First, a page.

Q: Besides not having a Will or being involved in a faulty living trust, what is the next biggest problem that you see with people's estate planning?
A: Without a doubt, proper property ownership is an issue in almost every estate plan. For a couple, unless there is a personal or business reason not to do so, everything should be held in joint tenancy or each should be named the other's beneficiary or payable-on-death designee. Thus even though "probate" in Colorado is an easy, inexpensive, quick, and efficient settlement tool, "probate" will only be needed at the second death using joint tenancy.
But be careful. Something can have both names on a document and not be in joint tenancy but be held in tenants in common. What's the difference?
Joint tenancy means that title will automatically go to the other person on title. Of course, some paperwork is required such as recording a death certificate or submitting forms to clear title, but involvement of the Court is not necessary.
Tenants in Common means that each person owns his or her undivided share of the assets but at death the deceased's share will pass under the Will or by intestate laws (no Will). Thus title may not go to the other title holder unless that person is a beneficiary under the Will or an heir next in line to inherit.
Sometimes it is hard to tell how title is held between owners. If nothing is indicated, title is tenants in common. But if the words joint tenancy or joint tenancy with right of survivorship are present, or the letters "JTWROS" or the word "or" appears, then title is held in joint tenancy. The word "and" normally means tenants in common.
But be careful especially when dealing with bank related assets. Nothing can appear but the bank treats the account or asset as joint tenancy anyway. So often it is necessary to ask the entity to clarify what is noted or not noted. And remember your attorney can also help.
For single persons, holding assets in joint tenancy, even with children, is not recommended. But the next column will touch on the reason for avoiding this practice.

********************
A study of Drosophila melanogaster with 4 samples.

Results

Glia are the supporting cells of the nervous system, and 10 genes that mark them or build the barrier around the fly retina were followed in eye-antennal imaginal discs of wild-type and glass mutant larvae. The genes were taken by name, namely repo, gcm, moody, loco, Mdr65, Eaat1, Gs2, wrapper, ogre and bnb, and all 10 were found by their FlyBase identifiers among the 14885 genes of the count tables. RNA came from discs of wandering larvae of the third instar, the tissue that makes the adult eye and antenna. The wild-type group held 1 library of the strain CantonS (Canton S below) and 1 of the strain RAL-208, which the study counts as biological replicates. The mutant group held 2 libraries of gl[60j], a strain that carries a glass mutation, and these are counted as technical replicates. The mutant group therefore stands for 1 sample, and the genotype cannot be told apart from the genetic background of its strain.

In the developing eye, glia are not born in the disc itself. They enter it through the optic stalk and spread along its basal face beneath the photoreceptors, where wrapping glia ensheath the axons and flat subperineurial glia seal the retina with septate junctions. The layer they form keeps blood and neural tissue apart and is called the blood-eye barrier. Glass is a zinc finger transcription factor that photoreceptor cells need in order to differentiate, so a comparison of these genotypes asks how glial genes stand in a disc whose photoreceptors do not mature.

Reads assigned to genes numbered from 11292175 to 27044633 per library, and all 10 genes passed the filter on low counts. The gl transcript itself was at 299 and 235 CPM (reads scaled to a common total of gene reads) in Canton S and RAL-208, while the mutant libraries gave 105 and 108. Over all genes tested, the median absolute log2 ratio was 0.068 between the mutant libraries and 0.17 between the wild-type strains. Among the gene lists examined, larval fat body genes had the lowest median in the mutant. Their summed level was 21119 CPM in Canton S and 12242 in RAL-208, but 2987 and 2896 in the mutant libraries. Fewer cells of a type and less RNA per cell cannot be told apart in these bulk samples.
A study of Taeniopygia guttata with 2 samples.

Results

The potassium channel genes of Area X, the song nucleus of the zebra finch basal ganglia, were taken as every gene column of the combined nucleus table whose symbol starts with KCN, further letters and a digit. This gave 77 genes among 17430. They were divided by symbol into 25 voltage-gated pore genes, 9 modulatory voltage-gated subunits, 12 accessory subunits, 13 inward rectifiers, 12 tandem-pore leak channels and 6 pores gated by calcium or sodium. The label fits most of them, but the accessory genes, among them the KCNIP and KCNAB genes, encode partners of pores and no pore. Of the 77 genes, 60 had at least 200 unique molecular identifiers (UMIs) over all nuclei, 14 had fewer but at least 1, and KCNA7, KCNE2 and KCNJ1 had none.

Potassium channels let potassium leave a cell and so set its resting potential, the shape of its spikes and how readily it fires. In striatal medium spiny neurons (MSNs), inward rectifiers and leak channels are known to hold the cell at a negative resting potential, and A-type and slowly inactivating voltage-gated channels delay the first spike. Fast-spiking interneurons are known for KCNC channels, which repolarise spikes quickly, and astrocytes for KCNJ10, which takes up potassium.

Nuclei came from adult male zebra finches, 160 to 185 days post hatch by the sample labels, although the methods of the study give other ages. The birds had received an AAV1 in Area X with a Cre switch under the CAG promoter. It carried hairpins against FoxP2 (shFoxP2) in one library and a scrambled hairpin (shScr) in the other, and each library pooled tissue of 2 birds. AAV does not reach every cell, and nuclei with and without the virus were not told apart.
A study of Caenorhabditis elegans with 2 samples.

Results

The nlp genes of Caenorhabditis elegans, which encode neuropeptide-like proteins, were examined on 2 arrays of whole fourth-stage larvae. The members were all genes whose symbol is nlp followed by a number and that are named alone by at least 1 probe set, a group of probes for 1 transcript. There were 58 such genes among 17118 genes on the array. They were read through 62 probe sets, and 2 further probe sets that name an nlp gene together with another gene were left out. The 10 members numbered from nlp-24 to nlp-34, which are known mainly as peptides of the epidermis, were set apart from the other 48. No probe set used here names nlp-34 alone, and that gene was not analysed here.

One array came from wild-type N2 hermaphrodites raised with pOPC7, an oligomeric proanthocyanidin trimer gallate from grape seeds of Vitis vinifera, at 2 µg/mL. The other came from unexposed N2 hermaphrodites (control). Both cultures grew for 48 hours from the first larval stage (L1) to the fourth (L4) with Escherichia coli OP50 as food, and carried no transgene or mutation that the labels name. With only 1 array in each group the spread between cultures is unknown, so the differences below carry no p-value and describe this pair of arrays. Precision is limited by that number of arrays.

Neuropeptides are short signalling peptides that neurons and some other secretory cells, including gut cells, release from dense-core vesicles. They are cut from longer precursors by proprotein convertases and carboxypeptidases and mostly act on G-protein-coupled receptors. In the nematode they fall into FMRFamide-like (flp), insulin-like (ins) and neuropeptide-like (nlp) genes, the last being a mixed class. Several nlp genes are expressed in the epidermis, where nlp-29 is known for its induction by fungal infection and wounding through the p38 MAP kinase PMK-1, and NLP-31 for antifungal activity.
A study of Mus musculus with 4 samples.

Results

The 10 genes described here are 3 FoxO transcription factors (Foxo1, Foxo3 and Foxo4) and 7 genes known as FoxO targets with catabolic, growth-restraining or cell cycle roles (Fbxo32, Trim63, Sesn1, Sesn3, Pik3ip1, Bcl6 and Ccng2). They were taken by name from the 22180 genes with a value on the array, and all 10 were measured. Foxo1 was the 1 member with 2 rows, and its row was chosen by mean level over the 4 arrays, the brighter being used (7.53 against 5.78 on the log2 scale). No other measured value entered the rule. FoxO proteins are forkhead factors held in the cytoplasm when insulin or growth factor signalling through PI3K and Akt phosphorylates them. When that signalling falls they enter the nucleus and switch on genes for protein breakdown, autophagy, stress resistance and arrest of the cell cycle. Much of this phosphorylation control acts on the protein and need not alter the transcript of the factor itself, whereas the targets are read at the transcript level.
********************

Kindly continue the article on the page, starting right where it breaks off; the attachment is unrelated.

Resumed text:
An exception to the rule of always holding everything in joint tenancy relates to tax planning and Tax Wills. For a couple, the engine that triggers the tax avoidance at the second death is that at the first death the deceased's Will shifts assets into the testamentary trust (or B trust) of the Will. If all the assets are in joint tenancy, that takes priority over the Will and the Will has nothing to shift into the trust. Only assets held in the deceased's name or the deceased's share of the tenants-in-common property can be shifted into the trust by the Will.
In like manner, if an asset is set up in joint tenancy but the Will directs the asset to another person, the joint tenancy prevails and the beneficiary under the Will does not receive that asset. Thus beneficiary designations and joint tenancy or tenants in common acts as the foundation of a person's plan and supports the Wills.
Finally if you have a living trust, be certain that all of the assets are properly titled in the trust. Assets outside the trust not held in joint tenancy that are either real property or worth more than $27,000 will have to go through probate even with a Pour-over Will, thus defeating the reason for doing the trust.
If real property is supposed to be in the trust, the deed should be recorded. Holding a deed and then recording it after death is not a proper probate avoidance tool (if you wish, I can do a whole column why) and just listing items on the trust inventory without transferring titles won't work either. Finally, advisors that do one living trust for clients seem to like doing successive trusts but often title is not transferred from the original living trust to the new one. Any one of these problems, and many others, related to property ownership and a living trust will trigger that probate, which is what was sought to avoid in the first place.
I am out of space so I need to stop. But I hope you have an idea why property ownership is so important.